The Indiana Court of Appeals took a plain reading of state statute to counter a defendant’s argument that the state had to prove intent in order to sustain a conviction of attempted promotion of human trafficking.
Pardip Singh was convicted of attempted promotion of human trafficking, criminal confinement and intimidation for repeatedly abusing his wife, P.K.
Before the Court of Appeals, Singh asserted the evidence was insufficient to support his human trafficking conviction. He argued the state did not show he intended to force his wife to perform commercial sex acts when he brought her to Indiana.
However, the appellate court pointed out Indiana Code section 35-42-3-5.1(a) “criminalizes transportation, recruitment or harboring a person in order to force them into marriage, prostitution or participating in sexual conduct.”
The Court of Appeals found that the evidence showed Singh beat his wife, kept her confined in his apartment and made phone calls soliciting money from other men in exchange for spending one night with his wife. He also brought one man to the apartment apparently for the purpose of trading sex with P.K. for $500.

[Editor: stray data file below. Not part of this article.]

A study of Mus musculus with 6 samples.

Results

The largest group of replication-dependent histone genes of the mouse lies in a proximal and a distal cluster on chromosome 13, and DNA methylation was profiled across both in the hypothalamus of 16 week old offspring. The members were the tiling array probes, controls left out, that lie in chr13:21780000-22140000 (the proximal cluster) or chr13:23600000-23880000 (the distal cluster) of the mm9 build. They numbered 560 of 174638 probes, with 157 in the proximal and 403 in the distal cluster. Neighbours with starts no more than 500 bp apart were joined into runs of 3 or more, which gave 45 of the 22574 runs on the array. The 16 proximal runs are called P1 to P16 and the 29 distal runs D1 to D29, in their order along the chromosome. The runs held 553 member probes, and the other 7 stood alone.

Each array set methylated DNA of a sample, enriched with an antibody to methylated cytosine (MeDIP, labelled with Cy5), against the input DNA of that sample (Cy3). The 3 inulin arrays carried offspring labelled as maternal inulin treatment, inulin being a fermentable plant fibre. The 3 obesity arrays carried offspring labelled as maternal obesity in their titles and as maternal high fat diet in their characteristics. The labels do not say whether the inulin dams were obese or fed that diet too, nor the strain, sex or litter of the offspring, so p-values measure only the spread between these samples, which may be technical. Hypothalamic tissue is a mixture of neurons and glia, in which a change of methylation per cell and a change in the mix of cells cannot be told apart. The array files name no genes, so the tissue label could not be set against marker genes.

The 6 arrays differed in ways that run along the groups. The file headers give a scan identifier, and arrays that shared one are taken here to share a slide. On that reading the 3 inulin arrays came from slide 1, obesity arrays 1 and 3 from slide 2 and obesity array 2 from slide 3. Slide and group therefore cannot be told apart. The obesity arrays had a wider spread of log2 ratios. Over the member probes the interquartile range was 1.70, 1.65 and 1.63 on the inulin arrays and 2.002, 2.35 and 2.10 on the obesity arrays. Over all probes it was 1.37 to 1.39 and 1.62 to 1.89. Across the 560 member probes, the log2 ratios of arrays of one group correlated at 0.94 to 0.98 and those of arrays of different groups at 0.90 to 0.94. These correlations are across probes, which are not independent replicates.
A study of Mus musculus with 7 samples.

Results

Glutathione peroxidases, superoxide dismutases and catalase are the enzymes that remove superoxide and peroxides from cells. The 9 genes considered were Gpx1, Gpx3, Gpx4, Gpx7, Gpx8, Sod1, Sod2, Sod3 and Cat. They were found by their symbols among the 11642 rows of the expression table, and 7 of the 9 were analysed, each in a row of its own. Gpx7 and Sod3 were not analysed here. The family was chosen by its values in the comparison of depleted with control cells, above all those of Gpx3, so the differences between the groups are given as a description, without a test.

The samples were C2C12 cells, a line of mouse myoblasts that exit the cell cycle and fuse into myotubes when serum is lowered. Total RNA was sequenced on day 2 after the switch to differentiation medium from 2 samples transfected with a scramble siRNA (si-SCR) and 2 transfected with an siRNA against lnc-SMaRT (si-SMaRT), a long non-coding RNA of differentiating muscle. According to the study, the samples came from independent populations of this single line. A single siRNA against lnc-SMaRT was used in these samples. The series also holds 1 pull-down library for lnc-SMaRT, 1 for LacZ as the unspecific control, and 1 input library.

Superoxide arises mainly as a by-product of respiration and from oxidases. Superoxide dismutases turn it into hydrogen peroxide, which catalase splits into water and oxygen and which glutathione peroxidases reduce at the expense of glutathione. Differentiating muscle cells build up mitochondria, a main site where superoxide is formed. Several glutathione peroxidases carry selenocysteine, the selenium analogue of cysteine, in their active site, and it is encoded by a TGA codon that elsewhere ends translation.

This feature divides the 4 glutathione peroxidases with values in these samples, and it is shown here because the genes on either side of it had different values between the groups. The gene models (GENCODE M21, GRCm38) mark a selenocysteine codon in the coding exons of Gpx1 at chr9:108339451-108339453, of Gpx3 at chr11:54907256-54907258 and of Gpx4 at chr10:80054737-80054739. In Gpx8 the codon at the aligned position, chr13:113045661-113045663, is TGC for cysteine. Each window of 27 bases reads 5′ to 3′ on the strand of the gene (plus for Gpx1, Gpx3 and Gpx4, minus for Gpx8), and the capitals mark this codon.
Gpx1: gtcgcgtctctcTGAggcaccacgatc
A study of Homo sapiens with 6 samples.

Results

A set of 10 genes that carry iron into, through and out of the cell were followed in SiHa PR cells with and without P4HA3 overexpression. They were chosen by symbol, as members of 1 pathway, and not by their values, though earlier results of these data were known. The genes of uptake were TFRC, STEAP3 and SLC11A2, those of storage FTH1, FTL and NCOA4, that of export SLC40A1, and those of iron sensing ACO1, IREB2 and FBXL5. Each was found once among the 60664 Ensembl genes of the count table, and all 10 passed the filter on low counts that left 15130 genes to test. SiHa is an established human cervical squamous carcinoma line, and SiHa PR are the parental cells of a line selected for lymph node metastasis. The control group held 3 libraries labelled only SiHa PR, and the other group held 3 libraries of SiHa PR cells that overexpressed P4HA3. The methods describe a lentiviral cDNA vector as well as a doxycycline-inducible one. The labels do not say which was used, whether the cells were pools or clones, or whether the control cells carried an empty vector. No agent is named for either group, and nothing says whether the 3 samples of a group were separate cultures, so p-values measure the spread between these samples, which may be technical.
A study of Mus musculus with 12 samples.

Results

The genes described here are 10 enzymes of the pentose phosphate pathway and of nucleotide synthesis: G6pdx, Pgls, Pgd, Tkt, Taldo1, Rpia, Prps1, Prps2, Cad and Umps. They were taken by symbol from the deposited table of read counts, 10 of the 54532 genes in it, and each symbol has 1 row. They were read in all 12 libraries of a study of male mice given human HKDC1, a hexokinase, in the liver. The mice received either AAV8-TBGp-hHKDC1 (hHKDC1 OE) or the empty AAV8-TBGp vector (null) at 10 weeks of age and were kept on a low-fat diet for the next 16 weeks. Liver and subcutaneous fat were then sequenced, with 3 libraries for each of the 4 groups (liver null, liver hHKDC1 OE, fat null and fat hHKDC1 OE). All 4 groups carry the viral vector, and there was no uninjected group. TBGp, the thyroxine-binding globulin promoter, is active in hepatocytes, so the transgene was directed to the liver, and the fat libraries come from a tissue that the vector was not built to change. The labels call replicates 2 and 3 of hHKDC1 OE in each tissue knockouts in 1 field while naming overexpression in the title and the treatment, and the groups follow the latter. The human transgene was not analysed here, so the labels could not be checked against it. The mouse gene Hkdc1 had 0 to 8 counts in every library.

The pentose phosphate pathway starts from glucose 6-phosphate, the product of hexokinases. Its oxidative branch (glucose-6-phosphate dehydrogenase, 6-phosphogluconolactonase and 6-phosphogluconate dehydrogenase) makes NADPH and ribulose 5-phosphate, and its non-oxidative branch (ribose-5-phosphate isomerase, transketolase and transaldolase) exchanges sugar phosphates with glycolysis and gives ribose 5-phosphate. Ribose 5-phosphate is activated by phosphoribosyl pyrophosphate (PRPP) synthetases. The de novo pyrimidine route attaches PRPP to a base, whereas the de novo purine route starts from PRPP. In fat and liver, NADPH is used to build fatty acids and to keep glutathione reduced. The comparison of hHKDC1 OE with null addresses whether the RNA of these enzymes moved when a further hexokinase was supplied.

“Under these facts and circumstances, the State presented sufficient evidence to establish that Singh knowingly or intentionally took a substantial step towards using threats and force to harbor P.K. in an apartment and force her into prostitution or participating in sexual conduct,” Judge Paul Mathias wrote for the court.
The case is Pardip Singh v. State of Indiana, 49A02-1410-CR-717.